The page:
A Buddhist Response to the Japan Tsunami

We must keep an open heart and not shut down and ignore the suffering of our fellow human beings in Japan. If we can offer our practice, service, or generosity to the victims then we no longer need to feel disempowered.

Before Siddhartha Gautama attained enlightenment he was a confused twenty- and thirty-something looking to learn how to live a spiritual life. Each week in this column we look at what it might be like if Siddhartha was on his spiritual journey today. How would he combine Buddhism and dating? How would he handle stress in the workplace? What Would Sid Do? is devoted to taking an honest look at what we as meditators face in the modern world.


Looking at the footage of the widespread destruction from the earthquake and tsunami on CNN I can't help but feel heart-broken, just like you Sammy. Natural disasters happen so suddenly and there is something that my mind cannot fathom about the sheer number of people who have been affected here (and may continue to be affected even as close as Hawaii and the West Coast). Yet there they are, images of today's devastating 8.9-magnitude earthquake which caused a tsunami that tossed cars like beach balls, left bodies in the streets, and tore families apart. It's absolutely horrible.

It can also feel disempowering for those of us overseas watching these events unfold. If Sid was sitting beside me on my couch watching this footage I have a couple of ideas as to what he might do.

When one becomes a member of Shambhala there are three things requested of them: that they practice and study the teachings of the Buddha, that they offer their service in the form of volunteering to help their local meditation center operate, and that they give something financially to help pay for the space and staff that keep the place open. I think this model for membership can be applied to a Buddhist response to the tsunami crisis.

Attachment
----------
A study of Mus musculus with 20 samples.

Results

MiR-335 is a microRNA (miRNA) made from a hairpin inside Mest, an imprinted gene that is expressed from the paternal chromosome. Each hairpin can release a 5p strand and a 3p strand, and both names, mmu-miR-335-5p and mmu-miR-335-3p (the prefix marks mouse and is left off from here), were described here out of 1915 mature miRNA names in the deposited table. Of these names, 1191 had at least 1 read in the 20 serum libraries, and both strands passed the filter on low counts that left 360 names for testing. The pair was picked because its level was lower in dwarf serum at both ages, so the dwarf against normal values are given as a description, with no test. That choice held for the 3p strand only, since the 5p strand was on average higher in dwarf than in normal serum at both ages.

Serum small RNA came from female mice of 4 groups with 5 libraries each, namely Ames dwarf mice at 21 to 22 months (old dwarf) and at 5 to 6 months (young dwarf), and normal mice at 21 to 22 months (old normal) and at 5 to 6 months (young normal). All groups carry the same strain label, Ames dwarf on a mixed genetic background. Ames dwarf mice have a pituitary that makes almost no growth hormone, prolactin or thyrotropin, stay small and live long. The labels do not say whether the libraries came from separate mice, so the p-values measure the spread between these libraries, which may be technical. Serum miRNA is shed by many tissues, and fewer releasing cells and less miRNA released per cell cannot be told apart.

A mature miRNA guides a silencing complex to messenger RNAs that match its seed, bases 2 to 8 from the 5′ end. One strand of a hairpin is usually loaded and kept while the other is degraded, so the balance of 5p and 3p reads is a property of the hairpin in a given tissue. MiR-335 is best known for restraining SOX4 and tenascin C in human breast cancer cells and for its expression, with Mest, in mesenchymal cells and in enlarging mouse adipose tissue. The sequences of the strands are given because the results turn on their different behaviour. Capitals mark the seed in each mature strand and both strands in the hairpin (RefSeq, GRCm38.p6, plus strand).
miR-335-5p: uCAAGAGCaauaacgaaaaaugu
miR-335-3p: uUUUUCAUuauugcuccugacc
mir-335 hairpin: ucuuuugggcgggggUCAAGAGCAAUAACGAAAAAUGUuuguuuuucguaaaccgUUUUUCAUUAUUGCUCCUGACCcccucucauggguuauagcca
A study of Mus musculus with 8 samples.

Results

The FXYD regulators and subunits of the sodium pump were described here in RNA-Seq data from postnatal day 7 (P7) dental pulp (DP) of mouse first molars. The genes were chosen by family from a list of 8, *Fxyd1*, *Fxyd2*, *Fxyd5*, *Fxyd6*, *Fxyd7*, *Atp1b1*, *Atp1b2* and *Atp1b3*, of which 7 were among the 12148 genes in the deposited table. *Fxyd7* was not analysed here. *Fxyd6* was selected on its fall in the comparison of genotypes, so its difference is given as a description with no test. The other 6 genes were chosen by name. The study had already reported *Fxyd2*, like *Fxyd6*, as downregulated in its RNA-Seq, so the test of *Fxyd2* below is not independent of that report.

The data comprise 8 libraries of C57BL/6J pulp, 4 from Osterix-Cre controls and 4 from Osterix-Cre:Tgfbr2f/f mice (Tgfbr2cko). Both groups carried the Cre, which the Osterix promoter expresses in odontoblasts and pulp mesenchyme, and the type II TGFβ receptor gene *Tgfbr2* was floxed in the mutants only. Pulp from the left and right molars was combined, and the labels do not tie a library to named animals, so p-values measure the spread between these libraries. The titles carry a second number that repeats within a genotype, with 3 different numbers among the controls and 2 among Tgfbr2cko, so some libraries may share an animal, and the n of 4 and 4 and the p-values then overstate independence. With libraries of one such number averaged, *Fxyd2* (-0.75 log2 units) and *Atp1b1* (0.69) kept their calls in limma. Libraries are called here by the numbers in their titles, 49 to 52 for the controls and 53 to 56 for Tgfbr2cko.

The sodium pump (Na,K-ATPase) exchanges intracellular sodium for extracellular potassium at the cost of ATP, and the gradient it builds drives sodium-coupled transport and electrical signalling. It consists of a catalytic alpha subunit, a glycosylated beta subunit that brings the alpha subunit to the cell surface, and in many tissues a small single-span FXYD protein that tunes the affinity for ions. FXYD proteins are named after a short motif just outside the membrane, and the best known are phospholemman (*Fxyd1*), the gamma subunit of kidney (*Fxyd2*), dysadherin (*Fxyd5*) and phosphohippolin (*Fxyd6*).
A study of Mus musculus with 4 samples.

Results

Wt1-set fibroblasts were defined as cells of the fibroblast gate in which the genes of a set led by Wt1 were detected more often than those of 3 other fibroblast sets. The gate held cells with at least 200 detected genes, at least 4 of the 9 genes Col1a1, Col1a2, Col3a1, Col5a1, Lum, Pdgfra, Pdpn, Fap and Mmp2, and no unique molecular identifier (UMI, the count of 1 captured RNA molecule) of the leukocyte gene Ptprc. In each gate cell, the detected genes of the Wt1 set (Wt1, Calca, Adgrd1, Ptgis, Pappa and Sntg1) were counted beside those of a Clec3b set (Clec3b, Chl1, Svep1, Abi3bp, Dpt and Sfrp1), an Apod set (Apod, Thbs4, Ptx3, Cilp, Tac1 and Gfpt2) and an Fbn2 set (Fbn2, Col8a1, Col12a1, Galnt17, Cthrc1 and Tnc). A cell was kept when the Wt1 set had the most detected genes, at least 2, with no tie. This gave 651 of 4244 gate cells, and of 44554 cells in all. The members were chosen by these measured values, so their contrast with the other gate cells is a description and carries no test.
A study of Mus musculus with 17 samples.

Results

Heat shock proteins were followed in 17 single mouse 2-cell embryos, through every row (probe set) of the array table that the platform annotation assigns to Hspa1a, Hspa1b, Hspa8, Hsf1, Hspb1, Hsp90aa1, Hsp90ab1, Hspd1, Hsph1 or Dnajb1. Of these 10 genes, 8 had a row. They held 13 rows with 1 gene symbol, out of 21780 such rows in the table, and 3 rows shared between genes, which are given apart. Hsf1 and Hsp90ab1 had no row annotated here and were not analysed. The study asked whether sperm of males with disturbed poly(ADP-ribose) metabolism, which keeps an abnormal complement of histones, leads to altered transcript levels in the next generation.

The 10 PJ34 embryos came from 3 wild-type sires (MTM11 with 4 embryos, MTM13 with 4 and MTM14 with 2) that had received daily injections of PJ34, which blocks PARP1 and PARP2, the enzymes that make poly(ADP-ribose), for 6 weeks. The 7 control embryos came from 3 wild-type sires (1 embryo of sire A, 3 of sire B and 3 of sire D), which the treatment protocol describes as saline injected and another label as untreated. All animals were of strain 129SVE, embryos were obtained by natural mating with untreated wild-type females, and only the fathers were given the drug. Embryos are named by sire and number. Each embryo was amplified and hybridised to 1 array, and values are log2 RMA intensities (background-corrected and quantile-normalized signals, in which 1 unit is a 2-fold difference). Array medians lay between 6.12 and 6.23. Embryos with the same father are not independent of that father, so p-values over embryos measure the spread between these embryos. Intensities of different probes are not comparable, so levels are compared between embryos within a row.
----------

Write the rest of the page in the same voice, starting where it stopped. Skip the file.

Even if we are novice meditators we can keep our hearts open to the suffering we see and hold the victims of the earthquake in our meditation practice. If you know tonglen practice you can do tonglen for Japan, for the victims and their friends and families. At the very least you can meditate on loving kindness and, in your own words, dedicate your meditation practice to all of those suffering in Japan.


Opportunities for people who want to volunteer in Japan have not been announced, to the best of my knowledge. If anyone has a lead for medically trained or other types of professionals who wish to offer their services in Japan please leave that information in the comment section. If you are like me and unable to offer your services directly to the victims you can help raise awareness about this tragedy so our collective prayers may travel to Japan and anywhere else this tsunami may strike.


Many organizations state that in the midst of a crisis like this the most highly recommended form of support is through making a donation. There are a number of organizations that you will likely be able to donate to in order to support Japan. The Red Cross is just one of these organizations who, incidentally, are also providing solid information on what is happening on-the-ground. In the days ahead I am sure more information will be made available on this front. I hope people will list other worthwhile organizations in the comments section.

The important thing to remember is to continue to keep an open heart and not shut down and ignore the suffering of our fellow human beings in Japan. If we can offer our practice, service, or generosity to the victims of the tsunami then we no longer need to feel disempowered. I invite others to share their own reflections on how we can help our friends overseas.